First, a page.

For years now, I have been wanting to introduce my step-daughter to the joys of dyeing Easter eggs and somehow we just never get it together in time before she visits. Either we go away for Easter or we don't see her or...most common...I cannot find white eggs ANYWHERE in the city of Paris. Since Marianne is going to spend Easter with us again this year (she's ten now, going to have to move fast before she thinks it's too childish) I have been canvassing my French and expat friends to no end: where can I buy white eggs? Yes, eggs that are not BROWN.
I had all but given up hope, when I found in the kosher section of the Galeries Gourmandes a nice big flat of white eggs. And then I thought "Kosher Easter Eggs?" Now I know we are not talking about using the Catholic communion wafers for a bread crumb coating on your Passover gefilte fish but somehow it seemed a little...off.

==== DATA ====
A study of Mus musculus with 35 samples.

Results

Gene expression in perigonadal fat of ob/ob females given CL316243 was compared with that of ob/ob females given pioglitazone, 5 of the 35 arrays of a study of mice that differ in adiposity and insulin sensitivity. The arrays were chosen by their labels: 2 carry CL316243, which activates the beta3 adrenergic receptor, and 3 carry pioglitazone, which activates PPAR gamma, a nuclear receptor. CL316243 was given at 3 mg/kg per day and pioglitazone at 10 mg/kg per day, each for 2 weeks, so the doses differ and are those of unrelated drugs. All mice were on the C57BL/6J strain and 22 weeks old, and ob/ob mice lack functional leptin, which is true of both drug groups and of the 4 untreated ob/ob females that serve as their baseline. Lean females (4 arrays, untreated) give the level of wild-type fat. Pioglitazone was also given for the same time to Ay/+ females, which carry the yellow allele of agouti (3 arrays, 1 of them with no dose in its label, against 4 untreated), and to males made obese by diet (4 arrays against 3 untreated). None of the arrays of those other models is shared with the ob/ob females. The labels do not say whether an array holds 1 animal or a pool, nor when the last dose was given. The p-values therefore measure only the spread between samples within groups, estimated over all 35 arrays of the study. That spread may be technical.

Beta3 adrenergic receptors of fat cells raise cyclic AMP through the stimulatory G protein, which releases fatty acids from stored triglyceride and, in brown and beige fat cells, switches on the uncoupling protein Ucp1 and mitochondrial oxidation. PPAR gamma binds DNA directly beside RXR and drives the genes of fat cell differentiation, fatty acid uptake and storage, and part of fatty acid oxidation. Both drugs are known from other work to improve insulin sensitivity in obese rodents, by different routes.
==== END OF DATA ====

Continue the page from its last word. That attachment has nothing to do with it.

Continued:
And this set me wondering: what exactly makes a chicken egg kosher?
Well, it turns out that really most chicken eggs are kosher. According to the Jewish Outreach Institute, all that is required is that the egg be from a kosher bird (capon, chicken, dove, duck, geese, pigeon, and turkey) and contain no blood spots. A couple of other sites went into queasy detail about the fertilized/unfertilized state of the eggs or whether the chicken was alive when the egg was removed, but we'll assume you can work it out with common sense. 99% of the eggs you can buy in a non-kosher supermarket would appear to be kosher. (If there are any Jewish readers or experts in this area out there, please feel free to correct me or elaborate!)
As for me, I am still keeping my eyes peeled for another source of white eggs. Let me know if you have any tips!